03.12.17

Plan for NDIS with the right navigation tools

Ryan Snyder Compass
Photo: Ryan Snyder (Flickr)

The National Disability Scheme (NDIS) promises a new era in disability supports. It aims to provide Australians choice and control over their NDIS plans and how their funds are spent to lead fulfilling lives.

But securing the right plan which delivers on NDIS promises depends on how well you understand and navigate the NDIS, as well as how well you prepare for your critical planning meeting.

To be eligible for NDIS, you need to meet certain criteria. Supports funded by the NDIS must be:

  • Reasonable and necessary

  • Help you work towards your goals

  • Foster greater independence

  • Be evidence based

  • Represent value for money

The supports you seek will also need to fall under specific areas and categories.

In Part One of a special Hearth series, we explain some of these key criteria and concepts which underpin the NDIS.

The series is based on insights provided by disability sector experts  at the NDIS Q & A Forum organised by Hearth at Glenallen School in Victoria on November 27th, 2017.

Reasonable and Necessary

The NDIS will fund supports for you if they are considered to be reasonable and necessary in helping you reach your goals, objectives and aspiration as well as undertaking activities to enable your social and economic participation.

If there are items (e.g food or a bike for a child) that most Australians would pay for as part of everyday living, then it will not be considered reasonable and necessary that these are funded under NDIS.

If extra supports are needed allowing a disabled individual to participate at home and community, it would be considered reasonable that the extra support is funded under NDIS. Examples include modifications to a home, bike, communications equipment or someone to help attend swimming lessons, gym or holidays.

Mobile devices such as Ipad will not be funded. But applications (Apps) which are considered necessary for participation at home and in community can be funded.

Core support

Photo: Eden Hensley Silverstein (Flickr)

NDIS support is arranged into three key areas.  Core supports is one of these and refers to all the supports you need that involve day to day life. They include the supports needed from the time you get up, to the time you go to bed, as well as during the night. They include assistance with daily life, transport, consumables and assistance with social and community participation.

There is flexibility in how you can use core support funding. You can use this funding across a whole range of purposes listed in this category.

Capital support

Capital support includes assistive technologies such as items for mobility, bathing and toileting equipment, vehicle and home modifications, personal readers and vision equipment.

Compared to the flexibility in use of “core” support funds, there is less flexibility in how you use funding provided for “capital” support.  You can only use the funds for the purpose and “line item” stated in your approved plan. For example, transport funding can only be used for transport.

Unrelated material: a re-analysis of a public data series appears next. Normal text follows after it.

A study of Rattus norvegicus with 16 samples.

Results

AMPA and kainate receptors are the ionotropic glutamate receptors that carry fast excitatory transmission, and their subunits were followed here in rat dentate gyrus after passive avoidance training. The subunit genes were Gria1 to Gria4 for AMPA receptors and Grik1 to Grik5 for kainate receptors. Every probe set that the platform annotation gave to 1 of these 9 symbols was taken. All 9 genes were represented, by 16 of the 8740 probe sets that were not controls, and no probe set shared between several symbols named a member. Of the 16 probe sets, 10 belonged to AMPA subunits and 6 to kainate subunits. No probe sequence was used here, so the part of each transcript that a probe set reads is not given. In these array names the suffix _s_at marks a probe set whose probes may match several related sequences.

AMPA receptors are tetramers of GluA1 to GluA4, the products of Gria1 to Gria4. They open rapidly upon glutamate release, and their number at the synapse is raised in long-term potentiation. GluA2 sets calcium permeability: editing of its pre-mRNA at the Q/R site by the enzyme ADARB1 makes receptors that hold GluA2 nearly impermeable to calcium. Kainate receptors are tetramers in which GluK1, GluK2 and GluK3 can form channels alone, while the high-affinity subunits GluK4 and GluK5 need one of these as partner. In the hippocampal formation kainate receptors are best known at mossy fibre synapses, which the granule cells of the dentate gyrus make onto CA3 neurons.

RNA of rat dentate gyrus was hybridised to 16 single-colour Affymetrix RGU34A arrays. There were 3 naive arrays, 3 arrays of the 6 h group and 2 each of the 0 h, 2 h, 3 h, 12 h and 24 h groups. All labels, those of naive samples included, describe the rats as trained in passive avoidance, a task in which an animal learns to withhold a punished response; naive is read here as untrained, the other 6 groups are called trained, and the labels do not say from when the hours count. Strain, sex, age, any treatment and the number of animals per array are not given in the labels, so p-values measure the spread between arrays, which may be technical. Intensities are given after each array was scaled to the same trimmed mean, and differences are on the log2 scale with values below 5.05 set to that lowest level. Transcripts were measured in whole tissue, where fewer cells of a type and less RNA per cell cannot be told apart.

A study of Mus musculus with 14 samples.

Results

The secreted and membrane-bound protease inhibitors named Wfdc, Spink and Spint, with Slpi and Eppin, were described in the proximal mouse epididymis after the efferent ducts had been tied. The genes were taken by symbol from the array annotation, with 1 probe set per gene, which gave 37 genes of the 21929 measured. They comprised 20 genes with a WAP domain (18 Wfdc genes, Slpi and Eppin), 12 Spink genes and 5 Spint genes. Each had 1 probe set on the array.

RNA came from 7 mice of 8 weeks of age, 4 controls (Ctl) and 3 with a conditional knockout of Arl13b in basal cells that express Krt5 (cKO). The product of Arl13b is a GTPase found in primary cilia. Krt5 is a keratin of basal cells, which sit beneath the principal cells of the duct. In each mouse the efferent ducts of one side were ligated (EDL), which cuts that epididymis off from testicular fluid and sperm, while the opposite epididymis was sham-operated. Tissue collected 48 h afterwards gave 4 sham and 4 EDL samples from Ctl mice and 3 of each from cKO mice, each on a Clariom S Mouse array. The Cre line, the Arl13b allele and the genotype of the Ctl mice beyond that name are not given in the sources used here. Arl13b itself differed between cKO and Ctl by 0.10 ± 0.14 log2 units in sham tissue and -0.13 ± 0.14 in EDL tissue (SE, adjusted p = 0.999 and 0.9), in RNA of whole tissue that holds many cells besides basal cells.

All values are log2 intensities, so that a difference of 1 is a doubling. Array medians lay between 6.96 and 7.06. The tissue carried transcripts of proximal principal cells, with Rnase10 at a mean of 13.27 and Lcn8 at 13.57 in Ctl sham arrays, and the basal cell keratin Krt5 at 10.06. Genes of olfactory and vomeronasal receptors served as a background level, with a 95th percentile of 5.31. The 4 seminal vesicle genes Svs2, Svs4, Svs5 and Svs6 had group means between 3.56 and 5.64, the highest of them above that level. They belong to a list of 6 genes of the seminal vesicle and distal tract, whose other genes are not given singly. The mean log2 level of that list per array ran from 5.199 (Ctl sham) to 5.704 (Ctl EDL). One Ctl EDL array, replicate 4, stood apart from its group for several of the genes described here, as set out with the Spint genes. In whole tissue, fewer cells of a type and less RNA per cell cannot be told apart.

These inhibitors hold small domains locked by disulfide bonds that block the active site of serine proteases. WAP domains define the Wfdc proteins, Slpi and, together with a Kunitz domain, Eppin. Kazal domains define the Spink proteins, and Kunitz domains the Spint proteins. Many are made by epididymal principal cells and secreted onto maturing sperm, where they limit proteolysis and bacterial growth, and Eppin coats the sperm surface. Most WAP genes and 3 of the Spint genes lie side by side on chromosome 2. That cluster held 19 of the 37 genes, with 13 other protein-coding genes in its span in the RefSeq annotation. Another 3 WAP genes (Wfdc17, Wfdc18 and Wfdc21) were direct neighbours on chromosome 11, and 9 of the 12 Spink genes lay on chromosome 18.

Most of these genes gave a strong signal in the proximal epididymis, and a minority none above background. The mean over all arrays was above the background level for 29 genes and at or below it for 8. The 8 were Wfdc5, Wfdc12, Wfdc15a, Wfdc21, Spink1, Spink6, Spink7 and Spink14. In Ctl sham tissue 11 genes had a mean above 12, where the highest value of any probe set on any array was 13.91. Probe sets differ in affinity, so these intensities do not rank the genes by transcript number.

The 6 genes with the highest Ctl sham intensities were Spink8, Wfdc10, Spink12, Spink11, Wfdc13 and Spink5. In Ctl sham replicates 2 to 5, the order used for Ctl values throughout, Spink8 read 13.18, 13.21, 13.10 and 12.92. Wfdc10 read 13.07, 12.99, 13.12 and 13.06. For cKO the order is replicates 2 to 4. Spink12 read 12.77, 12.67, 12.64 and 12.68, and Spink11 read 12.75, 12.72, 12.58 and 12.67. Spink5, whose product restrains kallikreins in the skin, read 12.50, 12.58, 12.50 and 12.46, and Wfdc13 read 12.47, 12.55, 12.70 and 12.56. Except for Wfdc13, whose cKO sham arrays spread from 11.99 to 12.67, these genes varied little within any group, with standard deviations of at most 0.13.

Capacity building support

Photo: Ken Teegardin,http://www.seniorliving.org/ (Flickr)

The NDIS will fund some supports which build your independence and skills. They are supports which help you:

  • work towards becoming as independent as possible to participate at home and in the community
  • Navigate life in a way which suits you (see next section on Choice and Control )
  • Learn  skills so you require less support I n the future.

To show that you will indeed build capacity with this support, you will need to demonstrate progress you are making or will make. So, if you are receiving support in an area (e.g physiotherapy, finances, daily life skills, community participation) you will be expected to build skills and make progress in this area. You will need to demonstrate and report on this progress.

Choice and Control

Under NDIS you can choose support providers who work for you and meet your needs.

This in contrast to the previous approach where government funding was provided to organisations providing disability services. The organisations then decided where the funding was used and the types of services they would provide.

Under NDIS, when you receive your approved support plan, you can choose your own source of disability support to provide the services you are entitled to.

 You can find the providers yourself and/or seek guidance from a Local Area Coordinator (LAC), a Support Coordinator or an Early Childhood Partner.

In the meantime, your funding will be held in trust for you by the Federal Government so that you can access the services that you need from your provider of choice.

Informal Supports

The support you receive from the NDIS will take into account the supports you are dependent upon. There are two ways these supports are referred to.

Informal supports are those which you receive and that you don’t pay for. This includes anything that you do not pay for such as assistance from family, friends, carers, networks and the community.

Formal Supports

This includes supports which are funded through a current scheme or an ISP package or any other formal funding stream. These include Medicare and funding for children in education setting. 

More details about the National Disability Insurance Scheme available on the NDIS website: https://www.ndis.gov.au

Special thanks to Sarina Bunnett (Melba Services), Diane Gow (Wavlink), Angela Cotter (Glenallen School) Matthew Yates (CPEC).